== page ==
Bird Flu Breakout


    Don’t shelve that bird flu crisis plan just yet. In case anyone had assumed this threat was completely gone simply because it vanished from mainstream media coverage,the disease has actually killed two people this year in China, and another large outbreak was just discovered.

    Here’s the report, direct from disaster and emergency monitoring group RSOE EDIS:

    Agricultural authorities in northwest China have culled about 95,000 chickens after an outbreak of the H5N1 bird flu virus, state press reported on Wednesday. The outbreak in Touying township of the Ningxia region was discovered on Friday last week after over 23,000 chickens began showing symptoms, reported the Ministry of Agriculture. The ministry said the “epidemic is now under control”, the report said, while work teams have been sent to the area to step up prevention measures. China is considered one of the nations most at risk of bird flu epidemics because it has the world’s biggest poultry population and many chickens in rural areas are kept close to humans. In January, a man in southwest China’s Guizhou province died after contracting the bird flu virus, the second such fatality reported in China this year, health authorities said.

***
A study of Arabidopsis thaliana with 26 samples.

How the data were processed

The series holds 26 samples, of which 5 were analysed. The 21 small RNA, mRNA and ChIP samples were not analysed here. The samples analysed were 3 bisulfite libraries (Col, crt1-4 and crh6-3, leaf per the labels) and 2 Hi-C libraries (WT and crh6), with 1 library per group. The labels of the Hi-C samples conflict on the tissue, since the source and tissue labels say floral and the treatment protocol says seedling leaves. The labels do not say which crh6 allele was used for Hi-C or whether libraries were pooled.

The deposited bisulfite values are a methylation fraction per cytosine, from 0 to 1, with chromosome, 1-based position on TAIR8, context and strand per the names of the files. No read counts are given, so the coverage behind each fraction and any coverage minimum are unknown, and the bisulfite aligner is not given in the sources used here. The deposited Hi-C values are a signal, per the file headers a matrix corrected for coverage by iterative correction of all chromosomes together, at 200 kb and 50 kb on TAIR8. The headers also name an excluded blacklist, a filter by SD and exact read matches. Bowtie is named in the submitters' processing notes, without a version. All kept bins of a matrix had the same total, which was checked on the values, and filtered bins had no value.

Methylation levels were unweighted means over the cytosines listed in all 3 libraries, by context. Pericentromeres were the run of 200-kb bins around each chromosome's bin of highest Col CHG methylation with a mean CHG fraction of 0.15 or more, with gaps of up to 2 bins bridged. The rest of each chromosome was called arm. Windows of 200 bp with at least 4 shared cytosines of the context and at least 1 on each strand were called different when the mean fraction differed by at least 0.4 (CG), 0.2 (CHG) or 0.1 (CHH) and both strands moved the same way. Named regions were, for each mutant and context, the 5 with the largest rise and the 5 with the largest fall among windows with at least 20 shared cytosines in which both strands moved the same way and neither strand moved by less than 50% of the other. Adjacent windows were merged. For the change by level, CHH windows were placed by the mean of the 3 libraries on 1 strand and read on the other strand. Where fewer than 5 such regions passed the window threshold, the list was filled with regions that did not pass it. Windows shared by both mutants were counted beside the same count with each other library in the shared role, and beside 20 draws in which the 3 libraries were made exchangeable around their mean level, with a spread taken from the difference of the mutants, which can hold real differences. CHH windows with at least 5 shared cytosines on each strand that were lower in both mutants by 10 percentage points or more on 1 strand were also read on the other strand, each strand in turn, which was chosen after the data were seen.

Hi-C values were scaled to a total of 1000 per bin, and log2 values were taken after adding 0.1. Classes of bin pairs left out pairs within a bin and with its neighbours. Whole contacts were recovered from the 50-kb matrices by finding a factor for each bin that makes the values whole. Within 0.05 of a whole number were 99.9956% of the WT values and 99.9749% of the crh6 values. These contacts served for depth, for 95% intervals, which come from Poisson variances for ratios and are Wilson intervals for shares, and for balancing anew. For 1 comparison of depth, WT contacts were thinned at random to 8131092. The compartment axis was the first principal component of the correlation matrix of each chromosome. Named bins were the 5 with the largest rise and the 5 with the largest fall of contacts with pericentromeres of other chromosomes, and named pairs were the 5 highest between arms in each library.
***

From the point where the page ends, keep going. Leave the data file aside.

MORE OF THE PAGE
What’s the lesson here? Threats do not simply “go away” unless you find and fix the underlying cause. In the case of H1N1, organizations have no power to eliminate it. When that’s the hand you’re dealt, you’ve simply got to keep your ears open using services like RSOE EDIS, and remain prepared for action. You do have a plan for responding to an actual or threatened epidemic, right?